By James Moules
CAMPAIGNERS have called on progressive-minded people to stand in solidarity with Hong Kong in the wake of the jailing of several high profile democracy activists.
At the start of December, Joshua Wong, Agnes Chow and Ivan Lam – three of the most prominent pro-democracy Hong Kong campaigners – were sentenced to jail for unauthorised assembly.
Their penalty comes amid months-long mass protests sparked by proposed legislation to allow extradition to mainland China – a move that pro-democracy camps feared would undermine the region’s judicial autonomy under the One Country, Two Systems agreement.
The bill was later withdrawn, but the protests continued. This was followed by a new national security law introduced in June 2020 which gave authorities in Beijing greater powers to crack down on protestors.
Pro-democracy activists fear that the national security law would severely curtail Hong Kong’s freedoms.
Redaction Politics contacted the Labour movement solidarity with Hong Kong (UK) about the sentencing.
Pete Radcliff, the movement’s convenor said: “It is, of course, an outrage. We call on the labour movement in this country and overseas to condemn it and demand action against the HK authorities and the CCP [Chinese Communist Party].
“We are raising as well the wider clamp-down also going on it Hong Kong since the jailing of Joshua, Agnes and Ivan with many other democrats and socialists arrested.”
Amid the security law implementation, UK Prime Minister Boris Johnson announced a plan to welcome as many as three million Hong Kongers to the country – with an eventual path to citizenship.
Speaking before the House of Commons on December 7, Shadow Foreign Secretary Lisa Nandy said: “The arrest and sentencing of Joshua Wong, Agnes Chow and Ivan Lam sets a troubling precedent, and it is important that we send a united message in our opposition to attempts to erode the rights and freedoms of the people of Hong Kong.”
The Sino-British Joint Declaration was signed in 1984, in which it was agreed that Hong Kong would be handed over from Britain to China in 1997 with autonomy promised to Hong Kong under One Country, Two Systems for 50 years.
Responding to Nandy, Nigel Adams, the Minister of State for Asia, said: “It is crucial that the new national security law is not misused to silence critics or to stifle opposition.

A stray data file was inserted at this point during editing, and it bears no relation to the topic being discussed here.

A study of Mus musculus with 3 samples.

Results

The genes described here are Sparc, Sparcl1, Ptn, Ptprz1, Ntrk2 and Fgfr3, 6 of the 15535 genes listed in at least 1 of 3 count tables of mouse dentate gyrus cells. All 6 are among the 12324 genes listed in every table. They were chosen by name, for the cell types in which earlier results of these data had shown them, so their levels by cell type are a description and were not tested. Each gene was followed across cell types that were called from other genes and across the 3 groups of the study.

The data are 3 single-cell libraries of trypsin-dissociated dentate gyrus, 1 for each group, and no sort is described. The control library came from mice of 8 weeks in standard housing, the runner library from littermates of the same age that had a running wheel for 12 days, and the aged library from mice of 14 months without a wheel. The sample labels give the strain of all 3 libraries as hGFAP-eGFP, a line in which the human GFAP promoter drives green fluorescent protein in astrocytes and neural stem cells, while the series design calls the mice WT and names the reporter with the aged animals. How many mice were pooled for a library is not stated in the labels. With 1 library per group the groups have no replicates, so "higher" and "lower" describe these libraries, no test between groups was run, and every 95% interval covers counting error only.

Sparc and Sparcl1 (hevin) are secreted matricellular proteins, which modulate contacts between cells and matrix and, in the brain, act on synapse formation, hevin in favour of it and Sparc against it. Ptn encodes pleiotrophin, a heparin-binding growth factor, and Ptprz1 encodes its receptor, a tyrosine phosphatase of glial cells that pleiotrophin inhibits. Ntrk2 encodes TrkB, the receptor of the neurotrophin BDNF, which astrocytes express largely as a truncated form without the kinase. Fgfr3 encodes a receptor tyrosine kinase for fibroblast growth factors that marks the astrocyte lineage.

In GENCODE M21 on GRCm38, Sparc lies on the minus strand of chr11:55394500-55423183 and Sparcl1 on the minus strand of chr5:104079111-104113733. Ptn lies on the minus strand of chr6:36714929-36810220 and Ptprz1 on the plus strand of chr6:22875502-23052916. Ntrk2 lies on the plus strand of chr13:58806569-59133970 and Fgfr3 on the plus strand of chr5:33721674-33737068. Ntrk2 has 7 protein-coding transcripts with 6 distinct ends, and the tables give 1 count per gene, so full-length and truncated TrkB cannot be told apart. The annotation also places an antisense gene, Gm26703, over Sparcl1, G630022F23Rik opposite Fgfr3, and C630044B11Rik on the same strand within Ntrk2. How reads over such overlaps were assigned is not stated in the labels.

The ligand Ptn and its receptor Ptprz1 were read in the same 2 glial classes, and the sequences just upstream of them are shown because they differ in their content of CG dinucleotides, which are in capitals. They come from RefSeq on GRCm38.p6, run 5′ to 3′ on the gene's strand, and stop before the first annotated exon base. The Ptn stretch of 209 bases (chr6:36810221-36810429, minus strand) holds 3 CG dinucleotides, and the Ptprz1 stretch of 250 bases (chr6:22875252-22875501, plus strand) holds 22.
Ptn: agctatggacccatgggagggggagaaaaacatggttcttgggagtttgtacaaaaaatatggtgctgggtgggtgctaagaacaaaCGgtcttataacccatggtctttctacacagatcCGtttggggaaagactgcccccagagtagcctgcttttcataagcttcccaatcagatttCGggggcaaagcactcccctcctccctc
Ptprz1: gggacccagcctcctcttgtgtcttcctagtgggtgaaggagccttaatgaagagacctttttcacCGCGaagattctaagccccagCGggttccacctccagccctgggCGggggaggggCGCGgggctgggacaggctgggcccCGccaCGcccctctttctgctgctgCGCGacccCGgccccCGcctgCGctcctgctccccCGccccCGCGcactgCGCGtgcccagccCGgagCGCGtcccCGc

“The freedom of the press is explicitly guaranteed in the Sino-British joint declaration and the Basic Law and is supposedly protected under article 4 of the national security law. There are indeed deeply worrying ongoing arrests of students, which are being used as a pretext to silence opposition.
“We always raise our concerns directly with Hong Kong and with the Chinese authorities; we urge them to uphold their international obligations.”
In a statement, Foreign Secretary Dominic Raab also said: “As three Hong Kong activists begin prison sentences, I urge the Hong Kong and Beijing authorities to bring an end to their campaign to stifle opposition.
“Prosecution decisions must be fair and impartial, and the rights and freedoms of people in Hong Kong must be upheld.”
Pete Radcliff continued: “We want to develop work with Labour Party organisations, trade unions and the growing Chinese-Hong Kong diaspora communities as well as with other migrant communities.
“The freedom of Hong Kong is highly dependent on developments in China. Unfortunately, there are some in the labour movement who peddle nonsense about the Chinese regime and make out that it is ‘progressive’. They deny the existence of the repression in Hong Kong and even of the Uyghur people.
“We have to educate against such drivel. Along with others, we will inform and campaign to support those bravely fighting for democracy and workers’ rights not only in Hong Kong but across China itself.”